Mom died in 2008.
Since she's been gone, all but two of my aunts and uncles have also passed. I tried to make it to each of their funerals, and I sang at most of them. They were 250 miles away, for the most part, so I didn't get to know them as well as other relatives.
Because Mom wanted to be buried with her family, we carried her there and had a second funeral service for her friends and the family that couldn't come to the one where we live. The cemetery is smack dab in the middle of her little town.
I've been there many times. I usually took the kids with me, until they decided they were grown up and wanted to do other things. For the most part I ended up going alone. Once at the entrance to the cemetery, it was easy to find Mom. She, along with almost all of her family, lay in the area along the row of trees in the middle of the expanse of graves. Granddad made sure there would be enough spaces for all five of his girls, along with their husbands, in the same area. He even bought a couple of extra lots where two of my cousins were buried.
We offered to buy plots all together here when Mom realized she wouldn't be around much longer. Try as we might, she was determined to be buried with her "family" down home. We made it happen, but we weren't happy with it. The main problem we have is getting down there to put flowers on her grave. It's a long trip to make in a day, and then come home again.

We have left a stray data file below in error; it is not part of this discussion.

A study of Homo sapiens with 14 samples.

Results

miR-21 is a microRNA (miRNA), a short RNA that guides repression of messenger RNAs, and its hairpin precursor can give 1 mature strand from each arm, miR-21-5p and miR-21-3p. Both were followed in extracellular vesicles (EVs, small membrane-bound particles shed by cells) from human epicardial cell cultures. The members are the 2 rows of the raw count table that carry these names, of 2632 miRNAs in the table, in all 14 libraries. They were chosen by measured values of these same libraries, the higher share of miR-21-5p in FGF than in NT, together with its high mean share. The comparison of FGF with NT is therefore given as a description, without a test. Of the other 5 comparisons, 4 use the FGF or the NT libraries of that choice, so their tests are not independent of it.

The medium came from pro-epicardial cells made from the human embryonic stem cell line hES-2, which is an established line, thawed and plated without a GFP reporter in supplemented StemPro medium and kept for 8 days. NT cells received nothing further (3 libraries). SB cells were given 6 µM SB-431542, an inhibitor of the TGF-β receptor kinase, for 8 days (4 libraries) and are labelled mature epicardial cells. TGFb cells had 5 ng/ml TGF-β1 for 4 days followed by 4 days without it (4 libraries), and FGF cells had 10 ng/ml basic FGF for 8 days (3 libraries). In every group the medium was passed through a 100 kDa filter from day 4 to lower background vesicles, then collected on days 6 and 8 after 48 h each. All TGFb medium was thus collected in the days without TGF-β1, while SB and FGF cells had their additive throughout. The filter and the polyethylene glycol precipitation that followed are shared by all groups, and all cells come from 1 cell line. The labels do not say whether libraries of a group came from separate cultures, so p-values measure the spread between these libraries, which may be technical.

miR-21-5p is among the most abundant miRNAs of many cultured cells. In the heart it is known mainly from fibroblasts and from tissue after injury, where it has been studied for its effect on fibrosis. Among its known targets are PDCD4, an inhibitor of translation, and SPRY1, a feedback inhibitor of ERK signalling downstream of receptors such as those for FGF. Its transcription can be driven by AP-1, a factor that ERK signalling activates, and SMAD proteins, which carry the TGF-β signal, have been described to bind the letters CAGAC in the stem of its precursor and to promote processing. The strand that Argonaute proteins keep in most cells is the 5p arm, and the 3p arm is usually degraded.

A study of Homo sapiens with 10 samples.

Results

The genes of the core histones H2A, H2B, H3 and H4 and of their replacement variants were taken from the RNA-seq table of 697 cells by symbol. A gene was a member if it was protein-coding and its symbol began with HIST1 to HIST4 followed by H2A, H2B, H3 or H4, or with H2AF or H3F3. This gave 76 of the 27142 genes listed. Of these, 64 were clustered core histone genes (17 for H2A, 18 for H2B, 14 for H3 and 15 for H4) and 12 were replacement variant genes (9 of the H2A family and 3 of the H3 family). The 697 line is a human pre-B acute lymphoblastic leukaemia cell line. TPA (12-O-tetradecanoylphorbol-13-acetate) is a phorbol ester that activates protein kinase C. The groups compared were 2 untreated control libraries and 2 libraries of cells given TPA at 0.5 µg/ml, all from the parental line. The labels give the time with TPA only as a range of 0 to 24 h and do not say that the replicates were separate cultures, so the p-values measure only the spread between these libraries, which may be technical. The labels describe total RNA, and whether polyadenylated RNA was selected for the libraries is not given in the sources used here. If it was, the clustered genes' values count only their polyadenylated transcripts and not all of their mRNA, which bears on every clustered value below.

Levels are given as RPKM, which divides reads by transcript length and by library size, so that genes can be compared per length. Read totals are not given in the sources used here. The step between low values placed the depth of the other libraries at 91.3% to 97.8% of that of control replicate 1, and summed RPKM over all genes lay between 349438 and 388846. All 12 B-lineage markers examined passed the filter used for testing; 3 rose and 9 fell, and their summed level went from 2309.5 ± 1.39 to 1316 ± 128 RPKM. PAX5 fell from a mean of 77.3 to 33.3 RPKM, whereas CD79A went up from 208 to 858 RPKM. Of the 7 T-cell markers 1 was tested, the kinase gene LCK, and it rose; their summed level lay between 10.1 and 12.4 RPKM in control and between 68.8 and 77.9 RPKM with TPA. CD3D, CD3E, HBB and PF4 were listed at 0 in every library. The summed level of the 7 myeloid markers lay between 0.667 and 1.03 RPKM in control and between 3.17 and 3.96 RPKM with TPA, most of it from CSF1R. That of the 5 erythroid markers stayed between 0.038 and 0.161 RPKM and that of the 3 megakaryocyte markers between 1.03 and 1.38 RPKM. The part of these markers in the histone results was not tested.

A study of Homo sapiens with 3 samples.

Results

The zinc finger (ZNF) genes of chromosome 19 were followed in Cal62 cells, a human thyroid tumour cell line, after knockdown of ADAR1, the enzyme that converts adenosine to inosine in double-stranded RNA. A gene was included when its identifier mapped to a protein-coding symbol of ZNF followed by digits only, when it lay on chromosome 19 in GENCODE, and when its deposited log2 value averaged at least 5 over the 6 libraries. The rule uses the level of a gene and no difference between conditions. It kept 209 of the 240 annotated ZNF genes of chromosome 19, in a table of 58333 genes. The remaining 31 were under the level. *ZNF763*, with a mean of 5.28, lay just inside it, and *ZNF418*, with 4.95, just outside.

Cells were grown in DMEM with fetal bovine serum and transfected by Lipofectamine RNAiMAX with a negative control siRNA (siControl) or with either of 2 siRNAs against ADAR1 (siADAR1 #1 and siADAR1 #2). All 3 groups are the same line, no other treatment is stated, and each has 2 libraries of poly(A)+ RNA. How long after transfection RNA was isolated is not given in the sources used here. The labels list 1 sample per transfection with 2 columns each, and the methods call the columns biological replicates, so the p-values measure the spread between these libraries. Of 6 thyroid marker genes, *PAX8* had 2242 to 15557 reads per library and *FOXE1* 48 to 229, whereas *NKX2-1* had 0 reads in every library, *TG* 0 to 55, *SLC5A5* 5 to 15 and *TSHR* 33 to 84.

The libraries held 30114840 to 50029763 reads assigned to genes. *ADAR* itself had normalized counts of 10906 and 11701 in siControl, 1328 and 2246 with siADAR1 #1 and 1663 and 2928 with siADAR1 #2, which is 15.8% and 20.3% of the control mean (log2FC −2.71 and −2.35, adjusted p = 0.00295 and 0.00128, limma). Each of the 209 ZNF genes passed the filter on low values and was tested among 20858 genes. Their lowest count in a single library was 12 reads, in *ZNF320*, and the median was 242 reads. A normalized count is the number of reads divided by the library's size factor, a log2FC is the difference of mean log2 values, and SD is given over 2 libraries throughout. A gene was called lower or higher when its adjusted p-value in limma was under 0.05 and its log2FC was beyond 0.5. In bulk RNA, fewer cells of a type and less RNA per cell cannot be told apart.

This week we didn't have to worry about it. The Girl had to attend a bachelorette party in a neighboring town, so she stopped there on the way back home. What she didn't count on were the feelings and emotions she would have going there by herself.
She walked up to a cousin who died in a sledding accident at 13 and placed a stem of flowers in his vase. Then there was her great-uncle and great-aunt. Next she saw her great grandfather and great grandmother. But as she walked up to her grandmother's headstone, she started crying and couldn't stop. She sat down on the grass in front of the stone, and told Mom all about the things in her life that had happened or were going to happen. She told her how much she was missed, and how The Girl remembered and now appreciated so many things Mom had done for her.
After crying her tears dry, she kissed the stone and left. Somehow I think she left with a new understanding of not only loving the people who are important to you, but showing that love every day.
She came home a different woman, my daughter. And I am glad.